Wording of vaccine ads matter, WSU alumna says

Study found people respond better to positive-worded messages than negative



Porismita Borah, associate professor of strategic communications in WSU’s Edward R. Murrow College of Communication, helped with a study on usage of certain language in ads.

BRADLEY GAMBLE, Evergreen reporter

Words matter for any organization trying to reach an audience. The same goes for vaccine ads, according to a new WSU study. A recent WSU alumna and an associate professor conducted the first experimental study on how social normative messages in vaccine ads affect consumer behavior. 

Xizhu Xiao, strategic communications alumna, said the study found young adult participants were more interested in learning about the HPV vaccine when exposed to normative, injunctive messages. These messages implied friends and family encouraged getting the HPV vaccine.

The study also found negatively-worded messages increased people’s perceived risk of vaccines and lessened the interest in getting the vaccine, she said. These negatively-worded messages are commonly found on ads and campaigns for the World Health Organization and United Nations International Children’s Emergency Fund.

The experiment was designed by Xiao with some guidance from Porismita Borah, associate professor of strategic communications in WSU’s Edward R. Murrow College of Communication. 

While previous studies focused on descriptive norms versus injunctive norms, Xiao said her experiment focused on positive versus negative descriptive norms. Descriptive norm ads focus on how many people get a vaccine and use statements like “four out of five people get the HPV vaccine every year.”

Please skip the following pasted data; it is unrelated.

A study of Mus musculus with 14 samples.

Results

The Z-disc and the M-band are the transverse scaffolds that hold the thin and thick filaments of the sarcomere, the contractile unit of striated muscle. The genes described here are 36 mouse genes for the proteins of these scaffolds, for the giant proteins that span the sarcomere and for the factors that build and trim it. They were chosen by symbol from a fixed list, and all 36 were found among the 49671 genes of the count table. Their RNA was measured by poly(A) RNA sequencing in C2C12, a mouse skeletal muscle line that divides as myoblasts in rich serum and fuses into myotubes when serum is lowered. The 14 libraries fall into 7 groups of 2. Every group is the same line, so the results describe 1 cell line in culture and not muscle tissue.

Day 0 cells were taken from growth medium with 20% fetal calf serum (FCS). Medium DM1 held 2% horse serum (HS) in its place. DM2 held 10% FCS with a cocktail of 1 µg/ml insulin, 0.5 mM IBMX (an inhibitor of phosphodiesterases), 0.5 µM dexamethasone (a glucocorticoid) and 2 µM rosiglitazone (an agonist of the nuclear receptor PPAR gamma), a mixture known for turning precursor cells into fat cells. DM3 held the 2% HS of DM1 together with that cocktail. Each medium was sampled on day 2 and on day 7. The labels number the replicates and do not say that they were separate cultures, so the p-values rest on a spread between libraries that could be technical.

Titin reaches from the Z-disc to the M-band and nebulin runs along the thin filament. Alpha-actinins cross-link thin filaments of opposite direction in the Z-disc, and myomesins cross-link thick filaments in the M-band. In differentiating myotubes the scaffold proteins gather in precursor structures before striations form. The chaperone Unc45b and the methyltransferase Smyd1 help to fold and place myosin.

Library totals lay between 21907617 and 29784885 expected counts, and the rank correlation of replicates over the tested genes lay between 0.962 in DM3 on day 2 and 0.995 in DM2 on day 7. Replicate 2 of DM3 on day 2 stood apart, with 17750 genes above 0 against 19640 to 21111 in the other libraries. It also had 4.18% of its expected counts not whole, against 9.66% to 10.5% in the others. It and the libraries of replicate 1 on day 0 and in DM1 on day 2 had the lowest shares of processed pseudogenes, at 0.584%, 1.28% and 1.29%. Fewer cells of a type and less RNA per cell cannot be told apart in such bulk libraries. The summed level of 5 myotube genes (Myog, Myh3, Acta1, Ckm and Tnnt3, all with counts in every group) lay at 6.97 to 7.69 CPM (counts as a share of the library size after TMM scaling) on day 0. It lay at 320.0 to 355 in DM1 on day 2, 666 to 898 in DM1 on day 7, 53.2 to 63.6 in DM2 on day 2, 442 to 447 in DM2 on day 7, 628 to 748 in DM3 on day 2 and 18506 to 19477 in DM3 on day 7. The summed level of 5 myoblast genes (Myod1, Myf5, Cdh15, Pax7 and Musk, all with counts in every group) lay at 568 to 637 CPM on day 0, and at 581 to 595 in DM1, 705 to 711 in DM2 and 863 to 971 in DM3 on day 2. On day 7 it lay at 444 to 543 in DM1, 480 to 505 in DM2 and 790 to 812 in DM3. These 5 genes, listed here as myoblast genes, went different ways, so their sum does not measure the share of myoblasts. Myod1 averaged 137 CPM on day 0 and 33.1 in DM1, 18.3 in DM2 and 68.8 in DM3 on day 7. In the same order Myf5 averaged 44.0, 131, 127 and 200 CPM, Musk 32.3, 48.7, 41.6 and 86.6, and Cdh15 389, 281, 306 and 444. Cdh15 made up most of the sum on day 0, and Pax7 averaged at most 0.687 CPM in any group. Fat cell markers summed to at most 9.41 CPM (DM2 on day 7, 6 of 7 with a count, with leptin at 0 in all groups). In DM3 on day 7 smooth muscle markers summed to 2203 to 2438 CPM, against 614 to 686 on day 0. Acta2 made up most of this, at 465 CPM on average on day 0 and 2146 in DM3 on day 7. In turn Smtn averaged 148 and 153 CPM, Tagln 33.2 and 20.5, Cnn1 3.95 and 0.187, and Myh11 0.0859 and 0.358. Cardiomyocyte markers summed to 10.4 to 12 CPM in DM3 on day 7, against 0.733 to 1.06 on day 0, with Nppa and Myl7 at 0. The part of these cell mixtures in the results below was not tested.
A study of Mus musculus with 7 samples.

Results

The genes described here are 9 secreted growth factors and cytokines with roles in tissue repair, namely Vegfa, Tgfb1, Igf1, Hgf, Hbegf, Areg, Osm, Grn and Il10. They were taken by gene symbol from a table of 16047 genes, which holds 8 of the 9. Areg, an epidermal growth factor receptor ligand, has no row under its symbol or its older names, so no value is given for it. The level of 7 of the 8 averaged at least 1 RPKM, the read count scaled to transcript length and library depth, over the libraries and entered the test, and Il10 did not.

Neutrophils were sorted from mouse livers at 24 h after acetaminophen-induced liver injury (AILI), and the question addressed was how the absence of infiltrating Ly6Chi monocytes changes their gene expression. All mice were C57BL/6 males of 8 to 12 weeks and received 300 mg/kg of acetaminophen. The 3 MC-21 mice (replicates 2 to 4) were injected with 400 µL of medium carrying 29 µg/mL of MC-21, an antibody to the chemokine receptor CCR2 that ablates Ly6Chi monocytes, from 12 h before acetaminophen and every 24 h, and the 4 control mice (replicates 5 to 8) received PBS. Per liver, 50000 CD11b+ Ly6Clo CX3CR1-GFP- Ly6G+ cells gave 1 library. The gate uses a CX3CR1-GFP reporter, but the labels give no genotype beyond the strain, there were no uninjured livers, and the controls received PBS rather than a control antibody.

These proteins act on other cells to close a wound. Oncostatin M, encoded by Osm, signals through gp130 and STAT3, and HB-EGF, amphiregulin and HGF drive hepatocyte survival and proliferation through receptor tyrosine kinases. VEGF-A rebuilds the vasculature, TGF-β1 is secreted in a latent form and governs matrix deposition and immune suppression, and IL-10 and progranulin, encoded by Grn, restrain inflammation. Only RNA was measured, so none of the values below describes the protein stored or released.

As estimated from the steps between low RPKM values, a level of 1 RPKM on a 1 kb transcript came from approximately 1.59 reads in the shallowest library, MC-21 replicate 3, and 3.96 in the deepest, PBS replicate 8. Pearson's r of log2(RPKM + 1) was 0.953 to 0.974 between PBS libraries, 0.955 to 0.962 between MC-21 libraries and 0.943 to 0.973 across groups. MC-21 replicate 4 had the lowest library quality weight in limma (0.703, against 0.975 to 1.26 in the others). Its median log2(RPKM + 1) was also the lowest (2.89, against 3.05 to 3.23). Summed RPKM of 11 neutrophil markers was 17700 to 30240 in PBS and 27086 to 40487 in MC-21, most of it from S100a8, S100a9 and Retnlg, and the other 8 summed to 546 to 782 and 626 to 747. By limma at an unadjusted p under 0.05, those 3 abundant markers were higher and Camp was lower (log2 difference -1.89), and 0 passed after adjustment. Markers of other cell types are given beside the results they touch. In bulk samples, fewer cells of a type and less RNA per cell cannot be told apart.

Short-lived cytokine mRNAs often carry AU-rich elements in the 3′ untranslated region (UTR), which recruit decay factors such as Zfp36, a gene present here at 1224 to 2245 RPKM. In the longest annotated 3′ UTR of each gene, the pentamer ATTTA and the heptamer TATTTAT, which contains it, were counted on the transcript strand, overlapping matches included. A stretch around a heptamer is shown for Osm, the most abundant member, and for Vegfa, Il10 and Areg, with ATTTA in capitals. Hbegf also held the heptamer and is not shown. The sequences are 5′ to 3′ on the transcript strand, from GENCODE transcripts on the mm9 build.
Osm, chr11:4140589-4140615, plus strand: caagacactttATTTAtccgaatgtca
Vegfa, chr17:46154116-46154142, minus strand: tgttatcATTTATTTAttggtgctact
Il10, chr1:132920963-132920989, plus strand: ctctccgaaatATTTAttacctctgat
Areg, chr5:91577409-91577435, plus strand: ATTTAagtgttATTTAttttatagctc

She said she also focused on injunctive norms versus a basic information condition. Injunctive norms focus on whether a person should get a vaccine by using statements like “professionals believe people should get the HPV vaccine if they want to mitigate risks of contraction.” Basic information ads provide consumers with the minimum amount of information about vaccines by using alternatives like “go to a local hospital to get more information about the HPV vaccine.”

Xiao said the experiment was originally a part of her graduation dissertation, with Borah acting as her advisor. 

She said Borah was invited to join the study and help with the conceptualization when it was submitted for publication in a journal called Health Communication.

Borah said the experiment was done online through Qualtrics. Participants for the study consisted of WSU students aged 18-29. They were then divided into four separate groups. Each group saw a different set of messages about the HPV vaccine. After viewing each message, they were asked about their feelings toward the vaccine.

Xiao said she was inspired to design the experiment after observing a vaccine ad from the WHO’s Instagram saying “One in 10 children miss out on life-saving vaccines.”

She said health organizations should use positively worded, injunctive and normative messages in future practices, especially for a possible COVID-19 vaccine campaign. 

Borah said organizations who use the positive, nominal and injunctive messages, as found in the study, could help increase vaccine intakes.

“We are seeing this particular study does have an effect on people who might change their mind,” she said. “Our study doesn’t directly look at whether these people are anti-vaccination or not, so that might be another future thing to look at.”

Xiao said plans for more studies in the future are being discussed and brainstormed. Xiao and Borah both expressed a desire to continue this study for other vaccines and demographics.